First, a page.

Sleep, Pretty Darling, Do Not Cry... and Other Thursday Randutiae
- Someone who uses voice recognition software and draws should start a VRS comic strip. The objects that appear suddenly in my scenes because my VRS has misunderstood me are visually amusing. I just dictated the line, "'I will,' she said with a sob," and my VRS typed, "'I will,' she said with a saw." I feel like a spontaneous saw could really add something to a conversation.
- Gentlemen of Cambridge: to the man, when faced with a long, narrow corridor of sidewalk between snowbanks, you have waited at your end and let me pass first. This has literally happened to me twelve times since the storm (which I know because at a certain point I started counting). In this northeast USA city (meaning, a city where strangers tend not to pay much attention to each other and rudeness is not particularly unusual), I am startled and touched by this thoughtfulness, then startled that I am touched. Thank you for your gentlemanly behavior.
- Have you seen the video and (even better, IMO) photo of extreme surfer Garrett McNamara riding a 100-foot wave in Nazare, Portugal?
- My Word Roundup last week led to some great conversations with friends. A couple things to share: here's Andrew's recent blog post about what is and what isn't a skeuomorph. Andrew is a designer and knows of which he speaks :). (Thanks, Anindita!) And -- AND -- a conversation with JD about writing backwards etc. led to this video. I know you're all busy, folks, but I strongly recommend you take the 7 minutes to watch this Mobius Story, by mathematician and artist Vi Hart. It is super. Thanks JD!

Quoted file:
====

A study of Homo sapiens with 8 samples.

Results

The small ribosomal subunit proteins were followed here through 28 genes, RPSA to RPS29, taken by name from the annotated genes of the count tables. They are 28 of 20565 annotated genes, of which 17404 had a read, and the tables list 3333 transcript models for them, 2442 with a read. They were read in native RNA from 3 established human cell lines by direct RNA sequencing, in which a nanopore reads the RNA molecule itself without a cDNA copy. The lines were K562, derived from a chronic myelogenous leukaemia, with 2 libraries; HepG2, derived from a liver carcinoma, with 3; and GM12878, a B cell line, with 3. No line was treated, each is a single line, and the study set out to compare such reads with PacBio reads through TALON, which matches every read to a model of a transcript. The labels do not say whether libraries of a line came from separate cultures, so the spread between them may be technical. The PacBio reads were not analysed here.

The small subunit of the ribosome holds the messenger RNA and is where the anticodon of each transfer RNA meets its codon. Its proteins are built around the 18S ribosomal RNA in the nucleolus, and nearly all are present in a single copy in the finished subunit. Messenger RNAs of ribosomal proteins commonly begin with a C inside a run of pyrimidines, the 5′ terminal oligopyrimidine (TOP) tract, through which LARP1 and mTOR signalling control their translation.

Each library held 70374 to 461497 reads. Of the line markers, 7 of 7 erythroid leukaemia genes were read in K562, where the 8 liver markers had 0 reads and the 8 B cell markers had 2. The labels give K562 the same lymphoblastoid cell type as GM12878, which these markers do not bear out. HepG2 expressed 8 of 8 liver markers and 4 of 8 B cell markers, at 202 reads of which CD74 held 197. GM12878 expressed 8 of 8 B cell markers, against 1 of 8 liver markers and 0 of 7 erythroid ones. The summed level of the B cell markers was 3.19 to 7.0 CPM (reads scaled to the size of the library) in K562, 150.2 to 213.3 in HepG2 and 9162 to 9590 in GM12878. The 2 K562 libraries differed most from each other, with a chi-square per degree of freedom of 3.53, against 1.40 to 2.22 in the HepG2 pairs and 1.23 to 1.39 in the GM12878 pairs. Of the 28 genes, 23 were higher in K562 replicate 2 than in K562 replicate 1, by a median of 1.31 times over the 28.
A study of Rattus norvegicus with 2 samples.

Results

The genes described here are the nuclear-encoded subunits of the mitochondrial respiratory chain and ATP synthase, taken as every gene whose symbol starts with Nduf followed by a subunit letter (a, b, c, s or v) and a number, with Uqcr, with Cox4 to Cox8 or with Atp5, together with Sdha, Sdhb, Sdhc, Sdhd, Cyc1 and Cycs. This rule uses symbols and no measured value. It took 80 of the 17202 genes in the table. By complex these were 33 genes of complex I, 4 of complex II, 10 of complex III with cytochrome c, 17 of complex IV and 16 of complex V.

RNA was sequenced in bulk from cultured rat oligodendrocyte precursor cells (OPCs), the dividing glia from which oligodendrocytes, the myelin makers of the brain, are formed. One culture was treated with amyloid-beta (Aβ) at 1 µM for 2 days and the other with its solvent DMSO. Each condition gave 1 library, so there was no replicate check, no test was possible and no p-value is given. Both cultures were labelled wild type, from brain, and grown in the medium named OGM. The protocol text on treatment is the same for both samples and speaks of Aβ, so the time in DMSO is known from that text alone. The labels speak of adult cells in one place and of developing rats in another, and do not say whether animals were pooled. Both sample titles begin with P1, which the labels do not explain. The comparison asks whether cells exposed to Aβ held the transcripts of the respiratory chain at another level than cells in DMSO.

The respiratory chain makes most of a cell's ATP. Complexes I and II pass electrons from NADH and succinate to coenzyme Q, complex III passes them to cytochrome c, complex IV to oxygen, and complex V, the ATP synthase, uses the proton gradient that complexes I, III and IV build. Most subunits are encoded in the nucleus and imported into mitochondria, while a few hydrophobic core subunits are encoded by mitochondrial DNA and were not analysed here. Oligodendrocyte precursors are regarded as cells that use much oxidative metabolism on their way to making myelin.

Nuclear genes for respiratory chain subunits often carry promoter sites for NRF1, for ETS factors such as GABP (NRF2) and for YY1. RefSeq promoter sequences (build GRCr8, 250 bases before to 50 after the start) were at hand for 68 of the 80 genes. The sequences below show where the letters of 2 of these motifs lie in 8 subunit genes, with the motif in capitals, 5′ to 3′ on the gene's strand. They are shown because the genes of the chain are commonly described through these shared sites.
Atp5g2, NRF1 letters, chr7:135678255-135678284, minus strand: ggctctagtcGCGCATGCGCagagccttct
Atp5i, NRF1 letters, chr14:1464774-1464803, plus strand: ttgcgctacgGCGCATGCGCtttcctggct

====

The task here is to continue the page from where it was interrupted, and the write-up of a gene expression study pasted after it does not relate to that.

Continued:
- Housekeeping: in an attempt to get more organized on the blog -- and less self-promotey in my blog posts -- I've started posting book news behind my News link again.
- I just can't take Captain America seriously. He has a big A on his head. It stands for America.
- And in the end... some of you will have recognized my subject line today. I can't stop listening to the back half of Abbey Road, the medley that starts with "You Never Give Me Your Money" and goes through to "The End." So much oddness and wisdom in that 16 minutes. Abbey Road is one of about five albums I grew up with from the time I was a baby, pretty much imprinted into my DNA. Listening to it is (almost) a way to get back home.